Facebook’s reality show
With virtual reality THE most talked about development of the year and the format that brands big and small are looking at, Facebook has asked the public about their attitudes to donning a headset and escaping reality.
When asked ‘what are you interested in using VR for?’, the most popular response was viewing holiday locations or hotels before booking (65 per cent).
This was followed by viewing products in a shop without having to visit (60 per cent); record moments in life to relive later (59 per cent); hang out with family and friends who live far away (59 per cent) and connect with colleagues who work remotely (54 per cent).
The company has also conducted a study into people’s ability to engage and connect in VR.
YouTube launches ‘super chat’ on live streams
Live streaming is taking over every corner of social, so it was only a matter of time before there were ways to monetise it.
Step forward YouTube, which has announced the introduction of ‘super chat’ – where you pay to have your comment at the top of the thread for the duration of a live stream.
When you select ‘super chat’ a timer appears to show how long the pinned comment will remain in its prominent position. Depending on how much is invested, this could be two minutes (for $5) up to five hours (at a cost of $500).
This has great potential for brands to issue a call to action during a live stream. It also has the potential to create the next generation of YouTubers able to make a living from their videos.
Why video views are down on Facebook
This explosion in live and recorded video across social channels has had a natural repercussion. Views are down across the board as people simply don’t have the spare time to watch everything that is in their feeds.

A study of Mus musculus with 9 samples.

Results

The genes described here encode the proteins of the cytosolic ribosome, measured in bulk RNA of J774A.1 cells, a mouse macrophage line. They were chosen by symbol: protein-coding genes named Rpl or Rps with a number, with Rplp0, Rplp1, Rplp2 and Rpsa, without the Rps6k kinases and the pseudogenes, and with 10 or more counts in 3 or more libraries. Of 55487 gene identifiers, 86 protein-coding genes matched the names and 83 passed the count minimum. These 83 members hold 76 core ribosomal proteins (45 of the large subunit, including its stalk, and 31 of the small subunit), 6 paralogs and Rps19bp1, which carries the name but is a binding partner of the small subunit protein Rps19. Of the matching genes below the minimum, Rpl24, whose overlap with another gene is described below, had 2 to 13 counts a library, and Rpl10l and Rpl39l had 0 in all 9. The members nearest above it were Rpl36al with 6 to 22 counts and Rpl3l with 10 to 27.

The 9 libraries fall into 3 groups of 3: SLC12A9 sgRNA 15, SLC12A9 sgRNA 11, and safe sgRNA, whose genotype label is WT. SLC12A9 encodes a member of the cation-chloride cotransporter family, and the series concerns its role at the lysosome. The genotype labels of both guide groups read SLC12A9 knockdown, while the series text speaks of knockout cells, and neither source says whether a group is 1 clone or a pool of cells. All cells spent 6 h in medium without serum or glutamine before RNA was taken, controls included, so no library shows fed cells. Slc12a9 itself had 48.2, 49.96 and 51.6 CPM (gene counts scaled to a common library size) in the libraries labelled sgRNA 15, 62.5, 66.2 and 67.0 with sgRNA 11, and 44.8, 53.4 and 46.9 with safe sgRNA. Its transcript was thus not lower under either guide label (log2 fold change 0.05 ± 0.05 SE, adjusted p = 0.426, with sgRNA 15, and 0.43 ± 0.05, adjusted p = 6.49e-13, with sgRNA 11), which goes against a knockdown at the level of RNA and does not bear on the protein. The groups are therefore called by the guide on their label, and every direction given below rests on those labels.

This is affecting the big boys every bit as much as the smaller brands which are producing videos.
Last year, the Telegraph group was getting more than 10 million views a month on its Facebook channel, now that is down to 5 million. Similarly, six months ago The Sun was getting an average of 250,000 views per video, now that total is down to barely 100,000.
“There’s an explosion of content and finite time,” said Nic Newman, from Reuters. “As soon as everyone gets involved, the rate goes down and Facebook can’t sustain it. Many publishers will be trading off with what they are doing in Facebook Live.”
Now you can search and snap
Snapchat is taking the first step towards search functionality by introducing a search bar into its app.
The photo sharing app is capitalising on its massive social appeal by broadening what it can offer users. However, search is stopping short of making suggestions of who to follow for the moment.
However, as Snapchat moves towards mainstream positioning (if it isn’t there already) it is likely to beef up its search function, in order to keep users on the app for longer, boosting the money it can charge advertisers as a result.
WhatsApp not secure, claim researchers
A study has unearthed a potential security flaw in WhatsApp that could see its billions of archived messages open to be read by Facebook and governments.
The ‘back door’ to WhatsApp was discovered by American researchers at Berkeley University. Facebook – which owns WhatsApp – has denied the claims.